Geneva: India needs to tread carefully without losing sight of its core trade-related priorities. Given the dark protectionist clouds arising from the trade war, India faces several challenges in agriculture, industrial goods, and services. Its main adversary in global farm trade remains the US which has repeatedly undermined New Delhi’s developmental initiatives for reforming rules governing global farm trade.
Washington has repeatedly blocked multilateral instruments such as the special safeguard mechanism and the permanent solution for public stockholding programmes for food security. Recently, the US, at the behest of its powerful farm trade lobbies, alleged that India’s farm support programmes for rice and wheat breached its World Trade Organization commitments.
Consequently, India needs to build a strong alliance with China and other developing countries facing similar threats to their agriculture from the fat-cat farmers in the US.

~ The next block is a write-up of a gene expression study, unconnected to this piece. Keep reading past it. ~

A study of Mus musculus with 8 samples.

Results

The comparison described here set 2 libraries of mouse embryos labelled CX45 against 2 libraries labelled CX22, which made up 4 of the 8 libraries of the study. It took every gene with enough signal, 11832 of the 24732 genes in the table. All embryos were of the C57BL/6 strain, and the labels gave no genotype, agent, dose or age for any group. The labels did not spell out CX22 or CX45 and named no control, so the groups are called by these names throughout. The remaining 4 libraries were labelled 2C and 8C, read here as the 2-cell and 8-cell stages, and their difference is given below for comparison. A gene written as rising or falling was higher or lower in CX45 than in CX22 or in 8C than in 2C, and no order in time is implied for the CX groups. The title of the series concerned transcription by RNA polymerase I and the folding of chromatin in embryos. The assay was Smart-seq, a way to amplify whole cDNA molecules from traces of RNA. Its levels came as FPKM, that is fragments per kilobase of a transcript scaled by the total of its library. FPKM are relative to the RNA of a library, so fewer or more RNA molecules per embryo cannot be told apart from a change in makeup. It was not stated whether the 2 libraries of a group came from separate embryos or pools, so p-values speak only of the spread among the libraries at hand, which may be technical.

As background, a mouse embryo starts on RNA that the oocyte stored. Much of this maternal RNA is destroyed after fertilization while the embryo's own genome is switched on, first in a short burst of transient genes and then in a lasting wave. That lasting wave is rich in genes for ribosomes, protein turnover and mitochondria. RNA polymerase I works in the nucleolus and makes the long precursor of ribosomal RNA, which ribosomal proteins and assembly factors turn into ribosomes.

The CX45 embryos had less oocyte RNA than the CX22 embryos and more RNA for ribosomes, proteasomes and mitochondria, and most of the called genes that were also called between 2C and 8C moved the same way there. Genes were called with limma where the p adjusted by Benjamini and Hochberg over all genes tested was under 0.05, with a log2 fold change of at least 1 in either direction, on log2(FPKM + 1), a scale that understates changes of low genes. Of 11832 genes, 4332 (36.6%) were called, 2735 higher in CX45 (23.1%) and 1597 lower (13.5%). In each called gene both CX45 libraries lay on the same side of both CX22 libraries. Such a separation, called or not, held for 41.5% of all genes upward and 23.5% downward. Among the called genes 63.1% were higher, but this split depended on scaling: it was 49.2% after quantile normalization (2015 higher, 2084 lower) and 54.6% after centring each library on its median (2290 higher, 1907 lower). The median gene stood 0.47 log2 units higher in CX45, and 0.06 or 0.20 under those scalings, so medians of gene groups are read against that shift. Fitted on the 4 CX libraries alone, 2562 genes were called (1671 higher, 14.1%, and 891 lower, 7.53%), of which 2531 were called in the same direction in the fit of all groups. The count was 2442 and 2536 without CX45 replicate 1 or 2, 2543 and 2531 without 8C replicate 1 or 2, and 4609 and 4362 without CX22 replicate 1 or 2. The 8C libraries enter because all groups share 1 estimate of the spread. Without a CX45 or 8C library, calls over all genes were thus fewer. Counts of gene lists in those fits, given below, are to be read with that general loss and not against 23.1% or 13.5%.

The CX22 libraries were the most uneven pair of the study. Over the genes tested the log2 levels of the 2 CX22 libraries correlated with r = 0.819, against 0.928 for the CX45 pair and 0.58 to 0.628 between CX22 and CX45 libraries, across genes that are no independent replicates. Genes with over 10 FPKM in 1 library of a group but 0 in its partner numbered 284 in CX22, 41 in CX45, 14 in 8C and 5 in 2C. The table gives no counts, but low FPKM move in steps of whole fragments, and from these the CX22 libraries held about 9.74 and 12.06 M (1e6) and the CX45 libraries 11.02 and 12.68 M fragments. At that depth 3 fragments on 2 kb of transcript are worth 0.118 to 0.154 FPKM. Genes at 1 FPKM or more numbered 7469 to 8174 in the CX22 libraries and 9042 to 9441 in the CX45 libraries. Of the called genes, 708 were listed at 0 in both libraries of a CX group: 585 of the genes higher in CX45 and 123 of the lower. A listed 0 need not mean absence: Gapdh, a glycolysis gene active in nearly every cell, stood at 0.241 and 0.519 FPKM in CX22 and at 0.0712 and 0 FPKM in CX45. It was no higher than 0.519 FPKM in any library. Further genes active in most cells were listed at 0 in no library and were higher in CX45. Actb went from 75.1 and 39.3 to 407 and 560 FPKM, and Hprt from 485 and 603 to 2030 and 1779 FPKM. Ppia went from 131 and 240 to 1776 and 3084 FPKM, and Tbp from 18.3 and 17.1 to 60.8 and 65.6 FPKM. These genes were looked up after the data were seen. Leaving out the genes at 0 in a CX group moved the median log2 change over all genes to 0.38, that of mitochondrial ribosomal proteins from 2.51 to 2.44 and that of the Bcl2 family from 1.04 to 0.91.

Besides, Indian farm exporters can export soybean and dairy products among others out of opportunities arising from the trade war.
As for industrial goods, India faces a rough trading environment for exports of textiles and clothing goods, steel and aluminium, and generic drugs among others. The US is insisting that India must provide reciprocal market access in return for realizing the generalized system of preferences (GSP) which under the multilateral rules is a non-reciprocal programme.
The US wants substantial market access for dairy products and medical devices.
Such egregious demands from the US will impinge adversely on the millions of small dairy producers and result in exorbitant prices for medical devices which India’s disease-burdened population can hardly afford. In services, where India has a clear comparative advantage, Trump’s America First trade policies have led to numerous barriers for short-term services providers, particularly India’s vast IT professionals.
Therefore, India needs to stand firmly against Trumpian trade policies by making wise and sensible alliances with countries based on its core trade interests. For a country like India, there are no real friends, nor enemies, in global trade.
The biggest folly that the Modi government must avoid at all costs is to enter into a free trade agreement with its principal trade adversary given the historical record of extortionist demands and unmet promises.